Service to others.
In a phrase, you’ve just met Rebecca (Hage) Thomley ’81 ’83, Twin Cities business leader and disaster relief volunteer.
Each year, millions of dollars flow to the 10 companies she leads, yet her go-to descriptor for the Orion Associates family of non-profit and for-profit businesses is “serving 10,000 people in six states.”
For example, Meridian Services, founded in 1980 in St. Cloud by Thomley’s mother, Marya (Owston) Hage ’71, provides a variety of licensed human services and supports.
Zenith Services develops vocational opportunities for people who need jobs and employment related training.
Two newer companies, Orion ISO and Morning Sun Financial Services help people receiving Medicaid dollars manage their own services and supports.
The companies are 42 times larger than when she took over her mother’s business in 2000. Thomley says success is rooted in the servant leadership model that she and four other executives embrace.
An ancient concept, servant leadership was revived in the 1970s by retired AT & T middle manager Robert Greenleaf, who wrote:
“It begins with the natural feeling that one wants to serve, to serve first. Then conscious choice brings one to aspire to lead. That person is sharply different from one who is leader first, perhaps because of the need to assuage an unusual power drive or to acquire material possessions.”
Orion Associates’ commitment to servant leadership is exemplified by Headwaters Relief Organization, a volunteer collaborative of which Thomley was one of the founders.
The walls of the Orion Associates building in Golden Valley are lined with framed reminders of Headwaters’ worldwide response to natural disasters, refugee migrations and epidemics.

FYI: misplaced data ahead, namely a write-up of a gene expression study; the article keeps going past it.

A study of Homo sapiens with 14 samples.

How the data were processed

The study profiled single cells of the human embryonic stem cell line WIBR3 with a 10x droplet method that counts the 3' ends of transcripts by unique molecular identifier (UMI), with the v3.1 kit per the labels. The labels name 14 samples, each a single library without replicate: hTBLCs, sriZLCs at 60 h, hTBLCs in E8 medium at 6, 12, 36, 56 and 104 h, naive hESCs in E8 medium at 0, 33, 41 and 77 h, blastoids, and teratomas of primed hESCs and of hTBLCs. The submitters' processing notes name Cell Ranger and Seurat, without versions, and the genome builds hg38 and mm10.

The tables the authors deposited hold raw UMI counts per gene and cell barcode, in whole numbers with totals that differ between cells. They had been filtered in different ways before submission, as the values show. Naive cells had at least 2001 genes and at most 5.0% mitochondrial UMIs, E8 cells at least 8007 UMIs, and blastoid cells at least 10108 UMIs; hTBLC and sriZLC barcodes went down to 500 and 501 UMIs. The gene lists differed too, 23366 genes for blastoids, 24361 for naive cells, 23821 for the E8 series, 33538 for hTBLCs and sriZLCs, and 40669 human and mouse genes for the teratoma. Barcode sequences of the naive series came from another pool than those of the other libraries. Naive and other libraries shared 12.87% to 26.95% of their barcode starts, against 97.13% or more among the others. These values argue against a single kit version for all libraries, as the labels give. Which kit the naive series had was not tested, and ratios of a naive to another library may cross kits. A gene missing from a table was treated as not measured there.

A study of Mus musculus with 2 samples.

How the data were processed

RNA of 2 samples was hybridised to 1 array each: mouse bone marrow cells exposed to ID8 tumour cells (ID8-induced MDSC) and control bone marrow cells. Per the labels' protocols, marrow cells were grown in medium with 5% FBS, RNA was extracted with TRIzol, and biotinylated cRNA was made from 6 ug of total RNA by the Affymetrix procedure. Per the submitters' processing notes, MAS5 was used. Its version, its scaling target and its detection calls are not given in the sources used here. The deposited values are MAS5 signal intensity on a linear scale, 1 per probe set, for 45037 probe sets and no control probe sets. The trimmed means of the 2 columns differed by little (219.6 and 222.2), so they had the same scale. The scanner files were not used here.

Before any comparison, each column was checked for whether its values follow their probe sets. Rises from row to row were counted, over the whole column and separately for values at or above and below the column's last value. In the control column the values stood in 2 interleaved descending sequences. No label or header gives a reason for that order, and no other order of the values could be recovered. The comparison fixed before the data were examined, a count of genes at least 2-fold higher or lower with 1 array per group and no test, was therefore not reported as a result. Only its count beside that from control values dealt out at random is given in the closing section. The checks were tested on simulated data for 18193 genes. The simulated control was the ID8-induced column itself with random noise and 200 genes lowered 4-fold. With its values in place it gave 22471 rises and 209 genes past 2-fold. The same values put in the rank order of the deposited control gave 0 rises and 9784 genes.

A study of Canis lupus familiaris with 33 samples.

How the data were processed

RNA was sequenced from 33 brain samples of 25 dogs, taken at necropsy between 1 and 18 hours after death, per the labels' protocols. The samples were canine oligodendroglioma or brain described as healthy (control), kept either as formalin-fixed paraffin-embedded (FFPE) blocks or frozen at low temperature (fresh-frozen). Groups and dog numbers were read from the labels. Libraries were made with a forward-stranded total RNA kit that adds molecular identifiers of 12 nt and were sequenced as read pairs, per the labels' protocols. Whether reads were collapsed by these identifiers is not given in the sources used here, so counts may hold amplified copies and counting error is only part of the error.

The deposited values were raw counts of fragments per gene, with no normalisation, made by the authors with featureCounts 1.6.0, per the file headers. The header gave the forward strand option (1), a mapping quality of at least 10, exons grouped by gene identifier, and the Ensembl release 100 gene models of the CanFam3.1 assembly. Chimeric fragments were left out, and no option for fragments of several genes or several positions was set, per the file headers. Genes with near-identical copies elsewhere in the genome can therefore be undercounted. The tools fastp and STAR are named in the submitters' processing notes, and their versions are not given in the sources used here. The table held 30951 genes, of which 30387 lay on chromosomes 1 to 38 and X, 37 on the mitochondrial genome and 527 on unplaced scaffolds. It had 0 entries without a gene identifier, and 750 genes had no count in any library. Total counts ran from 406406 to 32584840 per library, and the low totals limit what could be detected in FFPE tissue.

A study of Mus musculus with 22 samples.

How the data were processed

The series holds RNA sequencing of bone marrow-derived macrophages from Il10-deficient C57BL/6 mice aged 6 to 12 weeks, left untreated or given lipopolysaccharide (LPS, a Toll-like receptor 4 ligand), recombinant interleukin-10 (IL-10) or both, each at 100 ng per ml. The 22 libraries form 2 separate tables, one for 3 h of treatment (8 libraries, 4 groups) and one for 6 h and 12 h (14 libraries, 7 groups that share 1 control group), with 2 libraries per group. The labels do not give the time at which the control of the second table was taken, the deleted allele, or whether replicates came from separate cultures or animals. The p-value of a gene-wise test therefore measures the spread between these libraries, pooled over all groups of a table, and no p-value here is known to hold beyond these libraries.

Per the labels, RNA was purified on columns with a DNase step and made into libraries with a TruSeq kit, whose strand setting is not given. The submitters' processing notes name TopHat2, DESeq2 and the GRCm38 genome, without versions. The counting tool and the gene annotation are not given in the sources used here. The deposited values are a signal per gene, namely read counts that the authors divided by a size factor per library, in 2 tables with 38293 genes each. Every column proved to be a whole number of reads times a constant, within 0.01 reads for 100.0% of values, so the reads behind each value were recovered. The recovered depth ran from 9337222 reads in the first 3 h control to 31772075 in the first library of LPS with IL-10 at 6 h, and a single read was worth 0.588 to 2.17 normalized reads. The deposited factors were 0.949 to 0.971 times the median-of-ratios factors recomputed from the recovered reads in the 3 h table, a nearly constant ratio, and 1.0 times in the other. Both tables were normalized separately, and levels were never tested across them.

This fall, Headwaters teams deployed to hurricane-ravaged Texas, Florida and Puerto Rico. In Cleveland, Texas, for example, a four-person clean-up team helped strip two homes to the studs. Gutting, hauling, mucking and debris removing are just a few of the jobs their teams worked on. They also participated in door-to-door checks to make sure people evacuated their homes safely if necessary; sorting and boxing donations; and even animal rescue.
As is the Headwaters’ custom, the clean-up team’s focus was on assisting the most vulnerable people, according to Angela Cavalier, an Orion Associates executive program administrator. Cavalier also coordinates employee volunteer engagement for Headwaters.
— Rebecca (Hage) Thomley ’81 ’83
Headwaters’ specialty is mental health support. It runs a free mental health resource center in the Ninth Ward of New Orleans. And, it publishes books created for children by young volunteers. One such book is “When Haiti Shakes,” written by Madeleine Hage, 17. It teaches children what to do should an earthquake occur.
Powering these and other service efforts are employee and community volunteers.
Orion Associates offers paid time off to encourage employees to volunteer with service organizations of their choosing, including Headwaters Relief.
“I grew up in a family with a long tradition of volunteerism,” Thomley said. “It just was a part of our life. I remember as a child going out with my mom and doing different kinds of service.
“I have a picture of my grandmother, who was a nurse, volunteering with the Red Cross,” said Thomley, who has volunteered with the Red Cross for 25 years.
Thomley said, in summary: “Volunteerism comes from a commitment of the heart.”